Budget Talking Points

85th Texas Legislative Session
  • Tier one research universities are engines that power the Texas economy. They benefit all Texans, not just students and employees.
  • The proposed Senate budget cuts UT-Austin appropriations for core academic funding and special items by 10%, which is roughly $48 million.
    • The proposal has moved funding for some special items into grants through the AUF, rather than state appropriations. This is a bad precedent to set, because it lowers the state’s long term investment in higher education.
  • The Senate budget does not include the Dell Medical School in health-related formula funding, only funding it at $1.1, which could result in a loss of more than a $10M.
  • The current proposal could damage our state’s future by continuing the systemic divestment of public higher education. Since 1984, UT-Austin has seen a more than 40% decrease in state funding.
  • We want our students to receive hands-on educational experiences that give them a competitive edge in jobs after college.
  • Public higher education provides an excellent education at a competitive and affordable price.
  • UT-Austin alumni generate $6.2 billion in state income to the Texas economy annually across a broad range of industries that help keep our state competitive.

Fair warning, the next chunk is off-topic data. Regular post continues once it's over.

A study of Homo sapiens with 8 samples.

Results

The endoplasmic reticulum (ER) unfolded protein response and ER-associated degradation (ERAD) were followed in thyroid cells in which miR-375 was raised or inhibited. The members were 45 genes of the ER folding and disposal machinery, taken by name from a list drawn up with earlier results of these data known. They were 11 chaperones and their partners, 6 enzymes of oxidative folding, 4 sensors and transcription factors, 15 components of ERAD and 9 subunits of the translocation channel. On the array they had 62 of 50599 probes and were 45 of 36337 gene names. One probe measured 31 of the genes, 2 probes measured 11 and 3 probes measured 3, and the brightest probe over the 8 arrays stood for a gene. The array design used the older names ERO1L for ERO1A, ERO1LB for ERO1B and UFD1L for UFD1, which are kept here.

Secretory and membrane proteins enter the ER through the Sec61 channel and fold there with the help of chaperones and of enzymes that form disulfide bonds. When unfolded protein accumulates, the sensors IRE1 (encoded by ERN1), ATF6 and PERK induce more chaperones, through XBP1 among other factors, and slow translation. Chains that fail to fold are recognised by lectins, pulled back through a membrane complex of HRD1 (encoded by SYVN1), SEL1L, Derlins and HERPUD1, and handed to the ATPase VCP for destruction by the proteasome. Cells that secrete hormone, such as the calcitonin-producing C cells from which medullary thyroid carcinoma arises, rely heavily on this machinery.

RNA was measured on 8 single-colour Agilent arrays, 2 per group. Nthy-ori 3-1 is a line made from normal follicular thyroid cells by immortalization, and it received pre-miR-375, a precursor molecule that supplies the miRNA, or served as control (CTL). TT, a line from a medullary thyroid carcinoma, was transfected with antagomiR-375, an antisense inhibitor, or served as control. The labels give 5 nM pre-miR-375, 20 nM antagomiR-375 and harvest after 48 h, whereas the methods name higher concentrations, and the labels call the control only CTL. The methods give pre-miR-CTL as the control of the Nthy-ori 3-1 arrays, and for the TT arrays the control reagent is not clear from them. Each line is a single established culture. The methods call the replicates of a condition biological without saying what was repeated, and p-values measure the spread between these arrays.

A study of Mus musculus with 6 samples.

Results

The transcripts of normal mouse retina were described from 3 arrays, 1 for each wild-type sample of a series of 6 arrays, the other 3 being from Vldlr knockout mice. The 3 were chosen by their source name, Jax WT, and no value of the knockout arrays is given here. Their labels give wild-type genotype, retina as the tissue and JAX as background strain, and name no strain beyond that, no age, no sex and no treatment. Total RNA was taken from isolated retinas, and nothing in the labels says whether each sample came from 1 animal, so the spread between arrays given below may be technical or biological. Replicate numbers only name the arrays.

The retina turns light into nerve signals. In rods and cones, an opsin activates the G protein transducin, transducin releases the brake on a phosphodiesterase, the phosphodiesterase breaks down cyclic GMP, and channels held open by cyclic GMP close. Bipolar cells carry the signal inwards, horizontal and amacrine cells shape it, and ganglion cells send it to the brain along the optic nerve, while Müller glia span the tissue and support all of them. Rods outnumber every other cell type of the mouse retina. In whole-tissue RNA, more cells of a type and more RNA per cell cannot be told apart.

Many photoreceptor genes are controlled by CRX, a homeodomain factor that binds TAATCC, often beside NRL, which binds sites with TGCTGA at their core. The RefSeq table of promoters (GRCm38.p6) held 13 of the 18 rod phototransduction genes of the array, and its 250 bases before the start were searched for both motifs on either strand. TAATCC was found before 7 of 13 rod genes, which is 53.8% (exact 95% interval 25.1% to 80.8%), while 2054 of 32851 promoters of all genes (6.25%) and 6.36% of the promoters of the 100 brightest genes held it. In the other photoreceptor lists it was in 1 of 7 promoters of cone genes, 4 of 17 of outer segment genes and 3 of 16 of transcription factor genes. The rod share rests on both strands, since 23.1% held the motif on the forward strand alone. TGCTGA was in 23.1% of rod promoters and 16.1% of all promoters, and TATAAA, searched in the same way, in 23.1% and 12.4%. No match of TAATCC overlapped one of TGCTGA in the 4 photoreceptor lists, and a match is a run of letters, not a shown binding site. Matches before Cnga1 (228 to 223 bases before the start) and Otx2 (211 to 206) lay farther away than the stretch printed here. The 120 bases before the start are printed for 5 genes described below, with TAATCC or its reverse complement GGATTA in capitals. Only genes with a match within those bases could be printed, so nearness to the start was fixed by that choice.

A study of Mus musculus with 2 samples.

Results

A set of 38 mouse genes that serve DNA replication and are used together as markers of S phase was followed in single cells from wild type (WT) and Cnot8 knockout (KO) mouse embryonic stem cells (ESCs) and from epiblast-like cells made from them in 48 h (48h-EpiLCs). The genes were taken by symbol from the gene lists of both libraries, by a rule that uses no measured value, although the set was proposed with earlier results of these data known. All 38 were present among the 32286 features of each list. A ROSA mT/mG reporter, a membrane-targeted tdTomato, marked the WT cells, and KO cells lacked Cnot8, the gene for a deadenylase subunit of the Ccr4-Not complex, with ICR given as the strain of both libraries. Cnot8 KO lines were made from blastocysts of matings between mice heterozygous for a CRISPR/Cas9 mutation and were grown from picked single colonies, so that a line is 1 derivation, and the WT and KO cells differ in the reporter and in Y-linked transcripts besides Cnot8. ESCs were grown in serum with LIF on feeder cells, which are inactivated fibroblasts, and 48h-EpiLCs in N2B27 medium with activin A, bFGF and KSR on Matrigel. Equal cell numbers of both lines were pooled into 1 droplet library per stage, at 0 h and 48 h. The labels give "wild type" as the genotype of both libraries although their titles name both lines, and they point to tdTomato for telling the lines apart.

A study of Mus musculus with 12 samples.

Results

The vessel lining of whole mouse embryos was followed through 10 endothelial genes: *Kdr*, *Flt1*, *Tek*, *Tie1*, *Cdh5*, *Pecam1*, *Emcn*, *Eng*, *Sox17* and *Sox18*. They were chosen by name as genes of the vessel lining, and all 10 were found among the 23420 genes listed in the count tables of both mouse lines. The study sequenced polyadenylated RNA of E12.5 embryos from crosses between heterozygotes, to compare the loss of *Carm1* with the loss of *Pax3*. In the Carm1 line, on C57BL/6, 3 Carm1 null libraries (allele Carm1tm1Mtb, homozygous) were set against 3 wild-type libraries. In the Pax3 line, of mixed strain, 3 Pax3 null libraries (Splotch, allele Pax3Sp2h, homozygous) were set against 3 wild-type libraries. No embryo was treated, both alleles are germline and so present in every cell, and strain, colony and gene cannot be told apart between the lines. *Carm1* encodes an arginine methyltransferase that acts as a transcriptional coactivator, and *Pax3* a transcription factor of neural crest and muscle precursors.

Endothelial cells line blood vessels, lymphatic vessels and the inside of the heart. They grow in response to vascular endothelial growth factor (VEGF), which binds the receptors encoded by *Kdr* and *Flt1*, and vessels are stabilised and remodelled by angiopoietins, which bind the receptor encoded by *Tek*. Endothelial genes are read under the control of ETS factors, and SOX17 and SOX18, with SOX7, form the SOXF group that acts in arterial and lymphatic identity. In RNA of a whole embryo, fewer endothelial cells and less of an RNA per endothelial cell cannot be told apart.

• UT-Austin brought more than $1 billion in government research grants to our state over the past two years, which is equal to adding 8,000 new jobs.
  • The proposed budget for UT-Austin is harmful to our state’s workforce and economic vitality. We cannot advance and stay competitive without a well-educated citizenry.
  • All alumni, business leaders, and Texans should be deeply concerned by the proposal being considered in the Senate. It is bad for business and bad for Texas families.
  • President Fenves has made value and affordability major priorities for UT-Austin. The tuition freeze comes just as the legislature is making cuts to funding. This will tie the hands of the university.
  • Companies are moving here precisely because we have a strong, well-educated workforce. We create leaders and build knowledge through research that benefits every corner of our state.